The state Department of Education announced Monday that PSSA scores statewide in 2008-09 rose in every grade and in every subject for the first time ever.
Coincidence that this achievement coincides with the record increases in education spending last year that set the state on the course of closing the "adequacy gap" among Pennsylvania school districts?
PDE certainly doesn't think so.
These results show "that the strategic investments that have been made are paying off," said PDE spokesman Michael Race in releasing the PSSA results during a conference call with reporters.
Race said that schools with the largest adequacy gaps -- in other words, the districts that spent the least relative to what they needed for their students to get at least an adequate education -- had fewer students scoring proficient.
Among the 40 districts that are already spending what the costing-out study said they need, more than 80 percent of students reached proficiency in reading and math. But among those districts spending $3,000 or more per student less than what has been deemed necessary, only 65 percent of students reached proficiency.
Although district and individual school PSSA results won't be available for another month or so, PDE rushed out with the statewide news at a crucial juncture in the debate over the state budget. Nearly a month past the deadline, Gov. Rendell and the Republicans are still tussling over whether to increase education spending by $418 million this year -- and continue on the path of reaching "adequacy" in all districts by 2014 -- or retrench.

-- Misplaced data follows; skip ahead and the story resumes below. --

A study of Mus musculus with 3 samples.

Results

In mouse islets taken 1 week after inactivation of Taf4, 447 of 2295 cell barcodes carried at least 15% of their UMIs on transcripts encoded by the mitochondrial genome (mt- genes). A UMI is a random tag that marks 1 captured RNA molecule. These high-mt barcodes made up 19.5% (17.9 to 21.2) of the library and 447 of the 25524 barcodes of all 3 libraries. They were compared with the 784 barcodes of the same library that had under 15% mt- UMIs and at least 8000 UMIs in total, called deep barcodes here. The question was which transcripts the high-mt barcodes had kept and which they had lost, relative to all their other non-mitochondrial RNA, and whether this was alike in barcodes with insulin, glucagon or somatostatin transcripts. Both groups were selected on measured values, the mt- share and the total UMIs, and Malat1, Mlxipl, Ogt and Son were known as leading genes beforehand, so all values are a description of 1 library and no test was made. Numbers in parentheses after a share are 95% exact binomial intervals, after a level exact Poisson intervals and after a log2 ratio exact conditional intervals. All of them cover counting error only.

Rendell has proposed a six-year formula based on a legislatively-ordered "costing out study" in 2007 that found most Pennsylvania districts did not spend enough to give all their students an adequate education.
The goal is for the state to increase its share of education spending to 50 percent -- up from the current 36 percent -- thus relieving pressure on local property taxes while closing some of the huge gaps in per-pupil spending between poorer and wealthier districts. The governor proposes to use Pennsylvania's share of the $39.5 billion State Fiscal Stabilization Fund from the stimulus bill to fund this increase.
The Republican Senate wants to flat-fund education aid and use the stabilization fund money to reduce the state's budget shortfall.
That strategy could essentially render Pennsylvania unable to compete for a slice of $4.35 billion in so-called "Race to the Top" money designed to promote innovation in schools.
However, that point is in dispute. According to the Philadelphia Daily News, Republican legislators claim that they can work politically to smooth things over. According to GOP spokesman, the legislators are working with the state's two Democratic US senators to make sure the state gets its share even if it does defy this key requirement to be eligible for the funds.
An article in Education Week, which is following the internal politics of this closer than anyone, sorts out better than any other analysis I've seen just what will render a state absolutely ineligible.
While the use of the stabilization funds is definitely a factor in the federal decison, it apparently is not a complete deal-breaker. The only thing that can do that is state legislation that disallows the use of student achievement information in evaluating teachers.
Only NY and CA currently have such laws. On other requirements -- being charter-friendly and being aggressive on "turning around" low-performing schools -- PA has a record that is in line with the federal guidelines.